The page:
Light+Building Artist Spotlight: Hugo Garcia-Urrutia
March 2018 - by Soraa
Hola, my name is Hugo G. Urrutia. I am a multidisciplinary artist-designer, interested in two and three dimensional art that challenges the notion of what constitutes a piece of artwork.
Tell us about where your internal inspiration comes from?
I am very much inspired by the simplicity of common materials such as plywood, and exploring new ways to manipulate its form. The process is very important to me. Although I usually start a project with a clear goal, the most interesting results and ideas are often found within the process. Using nature and geometry as a starting point, I am interested in the notion of a wave, a synchronized flock of birds, a silk fabric soothingly moving with the wind. Then, I challenge myself to try to mimic these noble forms.
How does it influence the work you do?
I am currently working on a series called “Flexible Rigids”. This series derives from repetitiveness of a simple component like the triangle. As a whole, it produces a sort of wavy effect in which I can play with the shades and shadows. By cutting a simple rigid colored plane in a precise way, my “canvas” becomes sculptural and organic. How the final result and fluidity of the form is perceived, depends highly on how well the work is lit.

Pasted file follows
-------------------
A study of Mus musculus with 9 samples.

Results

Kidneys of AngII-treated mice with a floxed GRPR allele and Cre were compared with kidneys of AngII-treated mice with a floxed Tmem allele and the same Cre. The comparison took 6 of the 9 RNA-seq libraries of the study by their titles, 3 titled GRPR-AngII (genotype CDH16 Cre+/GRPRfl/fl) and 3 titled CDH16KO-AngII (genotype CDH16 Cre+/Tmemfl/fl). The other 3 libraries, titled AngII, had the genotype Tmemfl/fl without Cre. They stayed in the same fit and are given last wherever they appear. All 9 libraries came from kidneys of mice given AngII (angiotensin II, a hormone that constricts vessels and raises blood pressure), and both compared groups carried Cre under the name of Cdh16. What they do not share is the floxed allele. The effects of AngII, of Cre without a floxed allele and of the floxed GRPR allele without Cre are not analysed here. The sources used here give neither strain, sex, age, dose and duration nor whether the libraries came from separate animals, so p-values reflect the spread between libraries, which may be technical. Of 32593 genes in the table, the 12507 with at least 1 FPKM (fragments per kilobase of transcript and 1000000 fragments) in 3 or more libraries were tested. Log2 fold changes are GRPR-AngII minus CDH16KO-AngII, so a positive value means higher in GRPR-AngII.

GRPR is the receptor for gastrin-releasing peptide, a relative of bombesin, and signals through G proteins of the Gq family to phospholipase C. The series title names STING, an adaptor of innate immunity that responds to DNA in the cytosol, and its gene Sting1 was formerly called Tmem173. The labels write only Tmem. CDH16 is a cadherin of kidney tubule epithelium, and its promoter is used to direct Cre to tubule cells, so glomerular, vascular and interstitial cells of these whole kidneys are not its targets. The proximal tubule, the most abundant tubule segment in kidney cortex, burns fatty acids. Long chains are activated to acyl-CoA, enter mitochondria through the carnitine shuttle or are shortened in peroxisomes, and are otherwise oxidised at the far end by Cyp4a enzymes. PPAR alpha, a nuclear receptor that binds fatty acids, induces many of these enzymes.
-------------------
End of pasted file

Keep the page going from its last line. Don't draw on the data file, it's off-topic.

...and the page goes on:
Tell us about light and color and how that plays into your work and your creative process.
Light and color definitely play a very important role in my work. The Flexible Rigids’ series is composed of many small components that create a whole. Each triangle plays a different but choreographed role to achieve a balanced piece, as their color and depth is transformed and enhanced by the “touch” of the light.
As an artist, tell us about what other art forms and artists have inspired your work?
I am inspired not just by artists, but also by designers in general that cross-pollinate and merge to incorporate techniques and materials from other fields. It is very exciting to see artists that have collaborated with other talents outside their field; from a biologist studying biomimetic forms through a microscope, to fashion designers incorporating parametric patterns into their designs.
How has your art evolved or changed over the years?
In the past, I have explored conveying social messages through conceptual art installations. I am always looking for new ways to evoke and engage the viewer into my work. I think this current series explores the more poetic side of me, mixed with some architectural elements. My goal is to create soothing dynamic forms that transport the viewer and transform their space.
And how do you want others to view and experience your work?
I want the viewers to enjoy my work as a dynamic art piece. To see this triangulated free form-painted wood, not just as a sculptural art piece, but as an expression of movement and fluidity.
Where else can people find your work?